Nine people were recently arrested and charged with 700 smash and grab thefts that lead to a thousand incidents of identity theft at a cost of more than 1.5 million dollars stolen. Smash and grab is the term used to describe when criminals break into cars and steal personal information left in the cars to use for purposes of identity theft. Many police departments have warned people about the danger of leaving wallets, checkbooks and documents with personal information in cars because identity thieves are breaking into cars specifically looking for such items which they then use to make you a victim of identity theft. Additionally, following an automobile accident you should empty your car of all items with personal information before the car is towed to a junk yard or repair shop. One of the last things people think about following an automobile accident in which their car is damaged is what documents were left in the glove compartment, trunk or elsewhere in the car and yet many people leave incredible amounts of documents with personal information including Social Security numbers that can be used to make the car accident victim a victim of identity theft, as well. Bank statements, employment applications, W-2s and many other documents containing the car owner’s Social Security number are quite often left in the car and are ready for the picking by savvy identity thieves who will go through cars in junk yards and repair shops for this information.
Regular readers of Scamicide may remember the Scam of the day in which I described the problems faced by a woman whose check book was stolen from her unlocked car. You should never leave important documents in your car. Cars are important targets for not just car thieves, but also identity thieves who know that many people leave personal documents in their automobiles which can be used to make the car owner a victim of identity theft. Even if you routinely lock your car, you should never leave documents with personal information in your car as breaking into a locked car is not a particularly difficult task for a determined criminal.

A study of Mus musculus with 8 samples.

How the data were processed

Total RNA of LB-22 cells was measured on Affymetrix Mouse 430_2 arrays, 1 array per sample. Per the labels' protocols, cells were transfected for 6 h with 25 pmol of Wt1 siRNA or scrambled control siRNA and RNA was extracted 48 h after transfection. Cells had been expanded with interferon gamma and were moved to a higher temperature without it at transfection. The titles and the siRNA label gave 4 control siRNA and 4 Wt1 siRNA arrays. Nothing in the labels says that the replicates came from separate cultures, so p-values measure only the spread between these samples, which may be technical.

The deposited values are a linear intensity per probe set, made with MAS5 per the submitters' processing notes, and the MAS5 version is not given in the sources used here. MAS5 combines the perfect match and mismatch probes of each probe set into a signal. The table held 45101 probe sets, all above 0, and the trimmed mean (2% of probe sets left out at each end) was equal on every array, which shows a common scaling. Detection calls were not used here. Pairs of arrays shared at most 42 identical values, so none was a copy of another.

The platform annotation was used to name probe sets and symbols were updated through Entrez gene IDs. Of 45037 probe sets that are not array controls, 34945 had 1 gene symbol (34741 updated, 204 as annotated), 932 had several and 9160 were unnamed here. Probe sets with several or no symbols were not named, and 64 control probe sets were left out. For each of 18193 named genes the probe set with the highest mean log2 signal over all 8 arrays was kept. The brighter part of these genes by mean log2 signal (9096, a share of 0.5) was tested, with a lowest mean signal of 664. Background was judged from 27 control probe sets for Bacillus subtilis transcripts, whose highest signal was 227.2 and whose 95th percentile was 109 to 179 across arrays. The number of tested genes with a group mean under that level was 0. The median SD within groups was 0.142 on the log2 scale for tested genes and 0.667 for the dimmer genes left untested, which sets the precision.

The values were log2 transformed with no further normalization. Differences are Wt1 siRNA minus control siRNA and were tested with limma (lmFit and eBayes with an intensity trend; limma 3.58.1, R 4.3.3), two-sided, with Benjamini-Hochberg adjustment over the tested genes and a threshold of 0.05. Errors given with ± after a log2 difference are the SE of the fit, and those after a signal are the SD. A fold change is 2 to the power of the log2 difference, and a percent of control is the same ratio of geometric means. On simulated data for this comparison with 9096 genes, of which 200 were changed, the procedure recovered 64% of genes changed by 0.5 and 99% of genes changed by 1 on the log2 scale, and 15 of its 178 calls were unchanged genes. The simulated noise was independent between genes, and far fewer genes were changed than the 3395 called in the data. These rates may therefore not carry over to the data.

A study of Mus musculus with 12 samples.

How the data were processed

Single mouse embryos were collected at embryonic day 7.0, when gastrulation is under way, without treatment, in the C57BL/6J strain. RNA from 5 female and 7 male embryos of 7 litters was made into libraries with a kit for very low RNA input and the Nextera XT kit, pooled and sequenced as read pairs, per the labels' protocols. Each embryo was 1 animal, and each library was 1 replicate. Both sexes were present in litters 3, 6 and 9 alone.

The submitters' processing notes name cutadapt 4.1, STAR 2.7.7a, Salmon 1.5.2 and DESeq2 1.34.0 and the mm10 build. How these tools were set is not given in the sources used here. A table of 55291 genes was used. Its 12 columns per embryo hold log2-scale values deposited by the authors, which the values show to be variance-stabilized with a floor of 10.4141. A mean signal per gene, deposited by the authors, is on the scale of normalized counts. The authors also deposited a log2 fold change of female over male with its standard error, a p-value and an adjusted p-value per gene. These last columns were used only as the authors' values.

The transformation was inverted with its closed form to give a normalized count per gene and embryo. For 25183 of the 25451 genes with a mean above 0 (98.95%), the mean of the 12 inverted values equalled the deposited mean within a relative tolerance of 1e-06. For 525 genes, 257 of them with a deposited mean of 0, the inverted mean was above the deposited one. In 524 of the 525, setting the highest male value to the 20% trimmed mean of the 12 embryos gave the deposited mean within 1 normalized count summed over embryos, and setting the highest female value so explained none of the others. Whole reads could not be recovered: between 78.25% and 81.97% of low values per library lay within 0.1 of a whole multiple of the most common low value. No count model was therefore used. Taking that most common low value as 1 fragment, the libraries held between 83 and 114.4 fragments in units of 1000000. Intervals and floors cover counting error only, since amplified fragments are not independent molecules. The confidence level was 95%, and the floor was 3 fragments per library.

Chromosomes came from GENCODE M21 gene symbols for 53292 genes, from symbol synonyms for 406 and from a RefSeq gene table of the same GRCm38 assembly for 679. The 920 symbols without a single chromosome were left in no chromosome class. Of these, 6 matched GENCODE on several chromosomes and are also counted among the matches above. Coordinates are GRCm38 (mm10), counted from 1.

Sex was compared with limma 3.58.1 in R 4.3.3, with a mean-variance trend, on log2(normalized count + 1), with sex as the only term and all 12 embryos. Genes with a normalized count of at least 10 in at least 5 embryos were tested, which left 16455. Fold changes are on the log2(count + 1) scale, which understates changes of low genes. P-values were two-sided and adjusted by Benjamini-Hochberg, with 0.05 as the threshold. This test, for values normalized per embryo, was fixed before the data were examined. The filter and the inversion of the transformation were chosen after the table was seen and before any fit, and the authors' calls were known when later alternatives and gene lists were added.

For those of you receiving the Scam of the day through an email, I just want to remind you that if you want to see the ever increasing list of Coronavirus scams go to the first page of the http://www.scamicide.com website and click on the tab at the top of the page that indicates “Coronavirus Scams.” Scamicide was recently cited by the New York Times as one of three top sources for information about Coronavirus related scams.
If you are not a subscriber to Scamicide.com and would like to receive daily emails with the Scam of the day, all you need to do is to go to the bottom of the initial page of http://www.scamicide.com and click on the tab that states “Sign up for this blog.”